Your experience at work every day is likely different from that of your coworkers. This could be because of where you’re from, your age, gender, or any one of the many factors that make you unique. These things that make us who we are can also lead to inequities—not just differences—in the way we experience the workplace.
Diversity & inclusion training in the workplace through Udemy for Business is one way to tackle unconscious bias and change behavior. However, the first step is to understand how unconscious bias and diversity affects individuals at work.
In an effort to understand and call out these inequities, Culture Amp created the Diversity and Inclusion survey in partnership with Paradigm. In the past three years, over a hundred companies in North America, Asia, and Europe have gathered diversity and inclusion feedback through Culture Amp. This year, we published our most recent analysis in our Diversity, Inclusion, and Intersectionality report.
It’s this idea of intersectionality—that our demographic traits intersect to create complex identities—that greatly influences the employee experience. In our report we found that the employee experience is not equal, highlighting three areas with great disparity—voice, decision making, and fairness. Here, we’ll examine these aspects of the employee experience and how you can take action with learning and development resources.
Freedom of speech is more than just the first amendment of the US constitution. It’s something we all need, no matter where we live, to feel like we belong and our ideas are respected.
One of the questions on Culture Amp’s inclusion survey is:
I can voice a contrary opinion without fear of negative consequences
We found that Black women felt least able to voice a contrary opinion without fear of negative consequences. Latinx women and LGBTQ women also scored low on this question.
Voicing a contrary opinion can make us feel vulnerable, so it’s important that workplaces support the sharing of opinions in healthy and productive ways. When people don’t feel like they can voice their opinion, your company is missing out on potentially innovative ideas and stifling the confidence of those people who feel left out.
Especially in the digital age where information can be shared more often and more freely, we have an opportunity and additional risk when it comes to including everyone’s opinion. For example, many companies use Slack for workplace communication. It’s convenient for distributed teams, people in different time zones, and helps cut down on email. Depending on how it’s used, it can be a tool for inclusion or exclusion. If the same few people are always piping up when it comes to contrary opinions, it could make it hard for others to feel like they could chime in since they might not be heard. However, if people see others voicing opinions without backlash, it might encourage them to feel empowered voicing theirs.
In addition to having their voices heard, people want to know that they matter when it comes to important decisions.
Culture Amp’s inclusion survey asks people to agree if:
Perspectives like mine are included in the decision making at my company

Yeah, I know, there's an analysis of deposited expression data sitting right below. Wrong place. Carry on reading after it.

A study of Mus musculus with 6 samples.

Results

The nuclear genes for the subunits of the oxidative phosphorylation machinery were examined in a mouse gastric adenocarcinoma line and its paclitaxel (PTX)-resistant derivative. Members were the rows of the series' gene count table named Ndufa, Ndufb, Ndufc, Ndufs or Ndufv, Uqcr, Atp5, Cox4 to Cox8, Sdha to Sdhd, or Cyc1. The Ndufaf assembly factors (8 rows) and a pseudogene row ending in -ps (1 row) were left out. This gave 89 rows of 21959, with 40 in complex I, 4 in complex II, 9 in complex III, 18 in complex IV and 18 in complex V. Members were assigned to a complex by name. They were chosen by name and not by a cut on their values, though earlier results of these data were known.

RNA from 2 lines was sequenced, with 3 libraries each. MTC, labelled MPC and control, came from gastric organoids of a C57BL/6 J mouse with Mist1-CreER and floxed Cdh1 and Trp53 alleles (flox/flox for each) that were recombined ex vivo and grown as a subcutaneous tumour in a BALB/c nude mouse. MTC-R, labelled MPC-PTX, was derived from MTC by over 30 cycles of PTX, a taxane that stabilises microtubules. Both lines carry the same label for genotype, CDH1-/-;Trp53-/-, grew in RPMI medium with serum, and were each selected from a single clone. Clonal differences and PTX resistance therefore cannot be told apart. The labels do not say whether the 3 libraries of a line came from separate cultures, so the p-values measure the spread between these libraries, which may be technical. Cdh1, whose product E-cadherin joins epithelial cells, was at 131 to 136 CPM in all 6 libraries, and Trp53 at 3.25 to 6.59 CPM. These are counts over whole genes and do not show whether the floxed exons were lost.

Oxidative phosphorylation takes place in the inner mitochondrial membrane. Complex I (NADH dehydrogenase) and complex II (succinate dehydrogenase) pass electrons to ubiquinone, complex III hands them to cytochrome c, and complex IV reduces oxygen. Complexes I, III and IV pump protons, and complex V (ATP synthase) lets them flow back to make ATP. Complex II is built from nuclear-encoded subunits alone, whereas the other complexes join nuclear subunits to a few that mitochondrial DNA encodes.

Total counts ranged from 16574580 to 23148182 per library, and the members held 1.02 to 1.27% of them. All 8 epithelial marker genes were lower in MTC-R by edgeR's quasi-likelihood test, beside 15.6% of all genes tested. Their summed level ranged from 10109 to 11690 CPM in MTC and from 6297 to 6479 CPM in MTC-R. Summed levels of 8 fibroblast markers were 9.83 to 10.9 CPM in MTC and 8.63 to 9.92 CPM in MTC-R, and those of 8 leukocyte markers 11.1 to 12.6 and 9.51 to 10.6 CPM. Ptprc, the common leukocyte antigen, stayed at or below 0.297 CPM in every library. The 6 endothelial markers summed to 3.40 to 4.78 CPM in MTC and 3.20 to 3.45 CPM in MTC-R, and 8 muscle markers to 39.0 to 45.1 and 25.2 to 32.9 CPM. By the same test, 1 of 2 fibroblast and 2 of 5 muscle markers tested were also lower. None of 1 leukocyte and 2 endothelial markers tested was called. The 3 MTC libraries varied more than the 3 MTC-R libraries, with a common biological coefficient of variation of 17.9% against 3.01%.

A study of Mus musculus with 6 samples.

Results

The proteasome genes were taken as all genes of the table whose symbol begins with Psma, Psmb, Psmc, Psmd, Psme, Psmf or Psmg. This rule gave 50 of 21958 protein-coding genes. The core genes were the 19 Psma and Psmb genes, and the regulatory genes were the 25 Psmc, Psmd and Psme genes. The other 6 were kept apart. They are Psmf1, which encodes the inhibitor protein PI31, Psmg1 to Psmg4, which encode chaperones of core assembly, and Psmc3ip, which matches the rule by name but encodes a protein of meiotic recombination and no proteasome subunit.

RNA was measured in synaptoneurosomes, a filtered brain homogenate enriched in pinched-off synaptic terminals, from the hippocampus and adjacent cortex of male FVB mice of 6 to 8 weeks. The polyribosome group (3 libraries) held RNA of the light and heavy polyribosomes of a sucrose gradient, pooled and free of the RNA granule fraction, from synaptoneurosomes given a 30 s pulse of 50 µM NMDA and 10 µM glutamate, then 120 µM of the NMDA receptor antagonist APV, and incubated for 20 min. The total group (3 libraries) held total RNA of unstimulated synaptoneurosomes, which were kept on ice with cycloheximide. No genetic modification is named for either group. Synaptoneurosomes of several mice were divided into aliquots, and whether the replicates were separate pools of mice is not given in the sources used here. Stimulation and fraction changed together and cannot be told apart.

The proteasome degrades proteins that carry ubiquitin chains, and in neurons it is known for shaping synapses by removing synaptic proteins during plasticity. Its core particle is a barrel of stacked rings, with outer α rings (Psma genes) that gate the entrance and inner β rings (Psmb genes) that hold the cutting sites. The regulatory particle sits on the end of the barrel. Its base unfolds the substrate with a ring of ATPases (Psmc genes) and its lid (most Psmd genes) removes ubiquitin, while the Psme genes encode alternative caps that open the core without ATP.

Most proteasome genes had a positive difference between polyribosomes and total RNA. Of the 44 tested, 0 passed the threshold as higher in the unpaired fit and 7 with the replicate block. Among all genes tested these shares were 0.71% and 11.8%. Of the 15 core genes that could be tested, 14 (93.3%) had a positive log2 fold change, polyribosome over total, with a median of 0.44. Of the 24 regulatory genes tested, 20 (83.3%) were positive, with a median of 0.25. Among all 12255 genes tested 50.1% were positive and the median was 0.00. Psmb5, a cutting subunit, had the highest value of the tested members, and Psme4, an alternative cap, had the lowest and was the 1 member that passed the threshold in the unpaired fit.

We found that Black women and Latinx women (with LGBTQ women in a close third) did not feel like their perspectives were included in decision making at their company.
Without proper representation in company decision making, the needs of these groups may be ignored. This is often the start of a cycle of bias that excludes these groups and makes it harder to hire a diverse group of employees.
Companies need to do more to include people in decision making. When making a decision, ask what people it’s going to affect, and ensure that you include diverse perspectives. Let’s say a new hire has joined who has experience working with people who are hard of hearing, but product design isn’t their main responsibility at work. If that person isn’t introduced to the right people, their expertise might not be tapped into, and their unique perspective is lost.
Radical pay transparency, abolishing performance reviews, and eliminating gender wage gaps are all great strides towards creating fair opportunities for success. However, programs like these are not one-size-fits-all for today’s companies.
No matter how it’s approached, there must be equal opportunities for success for all people.
Culture Amp’s inclusion survey asks:
People from all backgrounds have equal opportunities to succeed at my company
Again, our data showed that Black women and LGBTQ women did not feel this was true. Here, we also see lower agreement scores from Black men and LGBTQ men.
Examining pay equity and promotion rates/velocity openly at your company is a great way to evaluate where people from all backgrounds have equal opportunities to succeed. Pay equity shows how people of different genders/races or other demographics are compensated, while promotion rates look at how often those groups level up compared to each other, and promotion velocity gives you an indication of how long it takes different people to level up. If people are feeling like opportunities are unequal, this is the first step in understanding why that might be the case.
All of these findings tell us one thing—it’s not enough to hire diverse employees, you have to create an environment of inclusion and belonging. Certainly, it’s important to increase minority representation in all organizations. However, our data does not show clear links between the amount of representation in an organization and their perception of company or team diversity.
This means that the actions organizations take when it comes to things like voice, decision making, and fairness, are important no matter how many people of a certain group are at your company.
Get more details in Culture Amp’s 2018 Diversity, Inclusion, and Intersectionality report.